Why most Indians are vitamin D deficient
Close to 40 per cent of Indians are vitamin D deficient. This might come as a surprise, since most parts of the country get abundant sunlight throughout the year. Experts tell you why, and how to fight it.health and fitness Updated: Apr 05, 2013 17:58 IST
Close to 40 per cent of Indians are vitamin D deficient. This might come as a surprise, since most parts of the country get abundant sunlight throughout the year.
“Vitamin D, also known as the sunshine vitamin, is created in the body with sunlight exposure. Its major function is to maintain normal blood levels of calcium and phosphorus, which keeps the bones strong,” says Rekha Sharma, president, Indian Dietetic Association and director, Clinical Nutrition and Dietetics, Diabetes Foundation. Experts say our modern lifestyle is one of the major reasons for vitamin D deficiency.
Causes of vitamin D deficiency Indoor activities: It seems working from dawn to dusk in air-conditioned offices and time spent indoors have starved the supply of vitamin D in the body. Dr Anup Dhir, chief cosmetic surgeon, Indraprastha Apollo Hospital, says, “From professionals and students to housewives, no one comes in contact with adequate sunlight, due to which vitamin D deficiency is rampant today.”
Shunning the sun: “People are reluctant to go out in the sun. Those who stay indoors a lot or cover their body when outside are most likely to suffer from the deficiency,” says Anil Nayak, disease expert, Kartavya Healtheon, a health management company. Glass windows don’t help either, so you don’t generate vitamin D when sitting in your car or while at home.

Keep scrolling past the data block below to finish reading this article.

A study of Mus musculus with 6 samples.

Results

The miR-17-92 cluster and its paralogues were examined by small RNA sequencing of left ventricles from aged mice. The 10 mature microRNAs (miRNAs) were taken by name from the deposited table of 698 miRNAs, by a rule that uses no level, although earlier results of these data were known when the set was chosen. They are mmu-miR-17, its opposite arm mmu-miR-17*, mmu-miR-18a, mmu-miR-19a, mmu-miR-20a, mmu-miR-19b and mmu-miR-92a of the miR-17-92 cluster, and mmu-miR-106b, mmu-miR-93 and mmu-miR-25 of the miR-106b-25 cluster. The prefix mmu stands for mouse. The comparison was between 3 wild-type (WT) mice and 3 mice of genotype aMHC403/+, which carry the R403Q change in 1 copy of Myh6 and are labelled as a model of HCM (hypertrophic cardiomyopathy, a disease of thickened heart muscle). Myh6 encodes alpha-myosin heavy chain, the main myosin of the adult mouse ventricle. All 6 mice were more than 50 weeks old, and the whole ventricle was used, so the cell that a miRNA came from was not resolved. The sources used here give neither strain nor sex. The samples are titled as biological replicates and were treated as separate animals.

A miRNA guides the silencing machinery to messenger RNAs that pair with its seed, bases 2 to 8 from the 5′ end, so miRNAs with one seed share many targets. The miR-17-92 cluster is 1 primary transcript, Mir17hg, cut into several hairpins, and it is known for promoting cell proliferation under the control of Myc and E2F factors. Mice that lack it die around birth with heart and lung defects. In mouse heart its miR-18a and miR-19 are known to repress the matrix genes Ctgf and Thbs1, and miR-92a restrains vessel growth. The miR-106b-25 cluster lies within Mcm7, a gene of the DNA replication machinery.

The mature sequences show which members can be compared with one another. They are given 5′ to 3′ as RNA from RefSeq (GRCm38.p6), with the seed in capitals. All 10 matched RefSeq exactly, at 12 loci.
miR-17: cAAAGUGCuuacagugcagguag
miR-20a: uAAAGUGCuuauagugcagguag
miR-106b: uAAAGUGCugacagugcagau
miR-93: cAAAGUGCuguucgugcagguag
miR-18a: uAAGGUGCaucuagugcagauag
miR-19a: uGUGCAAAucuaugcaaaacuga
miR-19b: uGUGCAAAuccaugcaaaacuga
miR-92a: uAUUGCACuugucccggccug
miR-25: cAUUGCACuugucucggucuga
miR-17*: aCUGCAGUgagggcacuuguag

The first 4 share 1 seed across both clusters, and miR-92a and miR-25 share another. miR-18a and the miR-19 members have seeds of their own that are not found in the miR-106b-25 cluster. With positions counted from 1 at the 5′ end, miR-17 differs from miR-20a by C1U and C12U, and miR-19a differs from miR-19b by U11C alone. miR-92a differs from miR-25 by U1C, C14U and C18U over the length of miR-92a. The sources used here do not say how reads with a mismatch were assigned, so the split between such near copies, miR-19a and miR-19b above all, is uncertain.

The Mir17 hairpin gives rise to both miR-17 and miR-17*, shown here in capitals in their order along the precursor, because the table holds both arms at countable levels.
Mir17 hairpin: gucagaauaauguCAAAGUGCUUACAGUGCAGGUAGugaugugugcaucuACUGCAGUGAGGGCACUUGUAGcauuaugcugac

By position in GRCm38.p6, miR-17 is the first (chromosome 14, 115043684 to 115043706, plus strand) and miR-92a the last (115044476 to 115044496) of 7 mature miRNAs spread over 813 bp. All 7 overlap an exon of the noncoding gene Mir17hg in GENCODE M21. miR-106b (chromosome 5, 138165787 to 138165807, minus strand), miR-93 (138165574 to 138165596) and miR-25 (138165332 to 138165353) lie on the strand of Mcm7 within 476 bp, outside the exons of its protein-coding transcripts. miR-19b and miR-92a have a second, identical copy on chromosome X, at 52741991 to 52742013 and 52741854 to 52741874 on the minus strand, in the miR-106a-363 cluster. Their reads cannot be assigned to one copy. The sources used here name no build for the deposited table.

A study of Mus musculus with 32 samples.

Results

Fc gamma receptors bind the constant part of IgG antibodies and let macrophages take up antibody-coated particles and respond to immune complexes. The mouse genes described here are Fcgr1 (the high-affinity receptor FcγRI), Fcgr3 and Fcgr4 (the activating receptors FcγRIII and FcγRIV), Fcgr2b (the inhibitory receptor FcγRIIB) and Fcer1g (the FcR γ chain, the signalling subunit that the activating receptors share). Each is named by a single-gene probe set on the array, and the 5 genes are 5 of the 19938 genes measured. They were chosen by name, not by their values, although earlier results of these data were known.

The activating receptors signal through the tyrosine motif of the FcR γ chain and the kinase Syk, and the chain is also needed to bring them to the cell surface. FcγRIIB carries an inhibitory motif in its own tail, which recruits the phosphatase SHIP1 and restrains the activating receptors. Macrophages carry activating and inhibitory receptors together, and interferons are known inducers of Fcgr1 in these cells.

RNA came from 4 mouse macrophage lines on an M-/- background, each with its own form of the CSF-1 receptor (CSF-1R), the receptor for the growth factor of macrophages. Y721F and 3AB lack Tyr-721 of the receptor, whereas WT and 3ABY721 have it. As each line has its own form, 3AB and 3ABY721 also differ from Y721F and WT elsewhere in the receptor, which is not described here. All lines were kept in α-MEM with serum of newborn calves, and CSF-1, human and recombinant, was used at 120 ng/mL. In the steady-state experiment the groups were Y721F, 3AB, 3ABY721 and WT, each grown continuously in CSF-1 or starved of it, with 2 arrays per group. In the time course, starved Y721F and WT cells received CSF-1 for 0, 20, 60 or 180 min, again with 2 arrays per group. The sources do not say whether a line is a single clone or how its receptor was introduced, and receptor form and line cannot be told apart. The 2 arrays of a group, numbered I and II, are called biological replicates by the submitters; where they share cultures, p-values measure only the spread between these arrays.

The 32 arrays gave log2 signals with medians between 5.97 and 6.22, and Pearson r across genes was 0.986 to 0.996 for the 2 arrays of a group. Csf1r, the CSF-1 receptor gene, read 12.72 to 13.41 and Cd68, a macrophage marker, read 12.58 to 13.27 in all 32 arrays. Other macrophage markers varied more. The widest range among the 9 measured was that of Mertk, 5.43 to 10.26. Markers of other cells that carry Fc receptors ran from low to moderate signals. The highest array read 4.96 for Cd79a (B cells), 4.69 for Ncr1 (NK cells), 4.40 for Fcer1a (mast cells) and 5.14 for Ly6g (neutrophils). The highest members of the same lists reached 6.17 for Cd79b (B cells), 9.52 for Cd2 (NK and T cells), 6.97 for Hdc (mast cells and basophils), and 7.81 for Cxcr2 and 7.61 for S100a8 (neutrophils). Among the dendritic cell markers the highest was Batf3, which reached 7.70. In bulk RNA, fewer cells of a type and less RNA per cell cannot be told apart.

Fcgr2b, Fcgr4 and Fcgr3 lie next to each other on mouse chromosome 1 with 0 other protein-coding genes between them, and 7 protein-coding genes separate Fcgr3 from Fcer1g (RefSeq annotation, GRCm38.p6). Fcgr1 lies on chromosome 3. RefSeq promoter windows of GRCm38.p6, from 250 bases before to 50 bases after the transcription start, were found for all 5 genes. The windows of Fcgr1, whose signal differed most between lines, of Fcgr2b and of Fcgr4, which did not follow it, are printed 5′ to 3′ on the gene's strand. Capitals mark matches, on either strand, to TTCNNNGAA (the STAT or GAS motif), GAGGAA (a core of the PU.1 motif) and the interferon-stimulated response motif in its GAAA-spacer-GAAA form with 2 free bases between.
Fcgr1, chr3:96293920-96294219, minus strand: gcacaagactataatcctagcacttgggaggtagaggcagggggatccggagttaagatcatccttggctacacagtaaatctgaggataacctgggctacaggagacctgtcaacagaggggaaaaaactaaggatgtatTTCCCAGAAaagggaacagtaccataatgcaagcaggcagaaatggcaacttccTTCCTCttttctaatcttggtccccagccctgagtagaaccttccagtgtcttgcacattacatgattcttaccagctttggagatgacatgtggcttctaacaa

Indian skin tone: Melanin reduces the skin’s ability to make vitamin D. “People with dark skin pigmentation may need 20-30 times more exposure to sunlight as compared to fair-skinned people to generate the same amount of vitamin D,” says Nayak.
Use of sunscreen: Sunscreen lotions fight the sun and prevent vitamin D synthesis. “Sunscreen use can potentially lead to vitamin D deficiency, particularly if high sun protection factor (SPF) creams (factor 15 or above) are used,” says Nayak. However, don’t abandon sunscreen altogether, because humans, especially children, still need protection from the harmful effect of the sun’s rays, especially at midday.
Vegetarian diet: Your body may lack the sunshine vitamin if you eat a largely vegetarian diet. “Vitamin D is found primarily in animal products such as dairy foods, liver, eggs, fish and fish oils,” says Dr Sharma. However, Nayak adds that “Diet alone cannot provide an adequate amount of vitamin D. Sunlight exposure is the only reliable way to generate it.”
Obesity: Being overweight also adds to the problem. “Vitamin D is extracted from the blood by fat cells, altering its release in the body. People with a body mass index of 30 or greater often have low blood levels of vitamin D,” explains Nayak.
How to fight it
Get the right amount of sunlight
“Twenty minutes of good exposure, two to three times a week, with bare arms and face, is enough to achieve healthy vitamin D levels through the year,” says Dr Sharma. But don’t go overboard. “The sun’s rays can also cause sunburn, so don’t expose yourself to it for a very long time,” warns Dr Sharma. The right diet and outdoor activity Consume foods rich in vitamin D and calcium. “Include foods like salmon, sardines, eggs and meat, breakfast cereals, soy products, dairy products, and low-fat spreads in your diet,” suggests Dr Dhir. The Indian Council of Medical Research recommends outdoor physical activity to achieve adequate vitamin D levels and asks that one control obesity. And that applies to all age groups.